As other major UK banks grapple with major losses from their venture capital investment activities, Wells Fargo & Co has joined JP Morgan Chase as one of those ready to disclose the impact these valuation changes have had on their balance sheets.
The bank has said it expects to recognise charges of around $1.13bn after tax, $1.05bn of which will result from impairment write-downs of publicly traded and private equity securities, primarily in its venture capital portfolio.
The company expects to recognise “other than temporary impairment” in the valuation of securities, which it says is largely as a result of sustained declines in the technology and telecommunications industries. According to chief financial officer Ross Kari, the bulk of these charges are reductions of the non-cash venture capital gains recognised in late 1999 and 2000.
“Those gains resulted from the acquisition of several companies held in our portfolio of venture capital investments, by publicly traded companies,” he explains. Examples of such investments include Cerent Corp, which was acquired by Cisco Systems at the end of 1999, and Siara Systems acquired by Redback Networks at the beginning of 2000.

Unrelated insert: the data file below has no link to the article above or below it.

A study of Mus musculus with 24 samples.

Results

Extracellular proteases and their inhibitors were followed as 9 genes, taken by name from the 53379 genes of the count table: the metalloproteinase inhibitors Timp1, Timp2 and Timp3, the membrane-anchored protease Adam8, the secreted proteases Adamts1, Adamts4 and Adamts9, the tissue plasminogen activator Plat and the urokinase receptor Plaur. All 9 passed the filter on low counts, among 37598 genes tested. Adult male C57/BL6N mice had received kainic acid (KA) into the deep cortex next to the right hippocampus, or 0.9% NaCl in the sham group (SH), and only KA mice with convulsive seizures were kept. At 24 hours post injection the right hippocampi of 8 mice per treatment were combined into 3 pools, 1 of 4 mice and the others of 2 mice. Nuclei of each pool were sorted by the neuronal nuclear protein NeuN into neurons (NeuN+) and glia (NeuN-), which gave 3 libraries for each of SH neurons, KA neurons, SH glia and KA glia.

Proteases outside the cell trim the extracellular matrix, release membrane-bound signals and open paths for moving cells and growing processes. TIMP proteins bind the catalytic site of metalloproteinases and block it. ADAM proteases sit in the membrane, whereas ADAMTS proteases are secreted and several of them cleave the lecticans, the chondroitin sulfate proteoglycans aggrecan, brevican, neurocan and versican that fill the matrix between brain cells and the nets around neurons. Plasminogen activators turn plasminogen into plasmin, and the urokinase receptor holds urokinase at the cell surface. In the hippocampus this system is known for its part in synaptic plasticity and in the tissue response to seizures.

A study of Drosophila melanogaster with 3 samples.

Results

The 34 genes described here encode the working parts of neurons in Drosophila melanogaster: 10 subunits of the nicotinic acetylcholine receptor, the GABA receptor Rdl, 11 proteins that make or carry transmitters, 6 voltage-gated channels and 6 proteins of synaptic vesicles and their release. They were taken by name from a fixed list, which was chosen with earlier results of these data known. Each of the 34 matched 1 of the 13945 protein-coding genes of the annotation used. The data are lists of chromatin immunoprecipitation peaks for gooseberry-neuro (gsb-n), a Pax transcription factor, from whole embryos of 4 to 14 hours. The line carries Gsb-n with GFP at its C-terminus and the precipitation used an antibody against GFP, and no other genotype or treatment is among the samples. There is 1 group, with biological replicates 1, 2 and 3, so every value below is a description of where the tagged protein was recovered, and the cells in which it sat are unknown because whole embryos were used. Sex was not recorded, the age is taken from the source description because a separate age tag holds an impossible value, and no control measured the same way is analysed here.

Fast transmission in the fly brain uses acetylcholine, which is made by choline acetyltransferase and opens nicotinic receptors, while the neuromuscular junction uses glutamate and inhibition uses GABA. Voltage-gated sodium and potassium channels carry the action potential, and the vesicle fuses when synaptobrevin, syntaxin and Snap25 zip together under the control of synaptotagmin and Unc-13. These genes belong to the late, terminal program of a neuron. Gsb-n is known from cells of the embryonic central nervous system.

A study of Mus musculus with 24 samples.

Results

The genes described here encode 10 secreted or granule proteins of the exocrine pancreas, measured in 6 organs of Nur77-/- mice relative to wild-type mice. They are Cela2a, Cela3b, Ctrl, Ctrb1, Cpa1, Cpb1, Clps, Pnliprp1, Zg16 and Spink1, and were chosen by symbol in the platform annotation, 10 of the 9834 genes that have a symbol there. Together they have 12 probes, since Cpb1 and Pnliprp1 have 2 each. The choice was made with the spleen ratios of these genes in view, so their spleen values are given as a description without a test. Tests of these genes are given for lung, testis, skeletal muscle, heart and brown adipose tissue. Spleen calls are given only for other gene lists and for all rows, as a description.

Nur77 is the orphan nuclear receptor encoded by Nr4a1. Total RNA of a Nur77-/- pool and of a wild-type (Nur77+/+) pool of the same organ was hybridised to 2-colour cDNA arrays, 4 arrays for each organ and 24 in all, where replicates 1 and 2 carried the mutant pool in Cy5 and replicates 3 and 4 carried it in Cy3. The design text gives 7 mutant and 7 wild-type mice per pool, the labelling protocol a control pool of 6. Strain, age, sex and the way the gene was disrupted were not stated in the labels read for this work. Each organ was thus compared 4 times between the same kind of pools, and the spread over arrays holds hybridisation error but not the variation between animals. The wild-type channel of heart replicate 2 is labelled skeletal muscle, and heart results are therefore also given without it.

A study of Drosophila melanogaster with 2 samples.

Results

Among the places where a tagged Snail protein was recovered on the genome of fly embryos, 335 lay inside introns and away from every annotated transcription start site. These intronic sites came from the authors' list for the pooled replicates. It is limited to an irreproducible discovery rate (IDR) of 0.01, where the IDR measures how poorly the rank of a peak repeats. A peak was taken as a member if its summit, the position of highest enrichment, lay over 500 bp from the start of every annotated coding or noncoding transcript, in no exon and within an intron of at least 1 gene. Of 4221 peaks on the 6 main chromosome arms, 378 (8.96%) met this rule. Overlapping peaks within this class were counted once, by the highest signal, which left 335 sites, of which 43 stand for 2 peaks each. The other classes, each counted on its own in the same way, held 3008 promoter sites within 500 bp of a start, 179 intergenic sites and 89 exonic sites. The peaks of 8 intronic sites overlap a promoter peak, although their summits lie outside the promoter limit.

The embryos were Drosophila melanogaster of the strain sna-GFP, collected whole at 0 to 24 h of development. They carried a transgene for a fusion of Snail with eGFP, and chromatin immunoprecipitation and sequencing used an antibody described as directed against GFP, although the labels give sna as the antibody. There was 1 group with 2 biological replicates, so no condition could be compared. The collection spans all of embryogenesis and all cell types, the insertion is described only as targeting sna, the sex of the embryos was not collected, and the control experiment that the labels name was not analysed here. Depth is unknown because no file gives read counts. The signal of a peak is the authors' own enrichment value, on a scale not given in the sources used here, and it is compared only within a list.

Wells Fargo, the fourth largest US bank with $280 billion in assets, has been in the venture capital business for over 35 years. It concedes that venture capital investing is a volatile business yet remains upbeat about the future expecting returns to be above its “minimum hurdle rate” of 20% in the years ahead.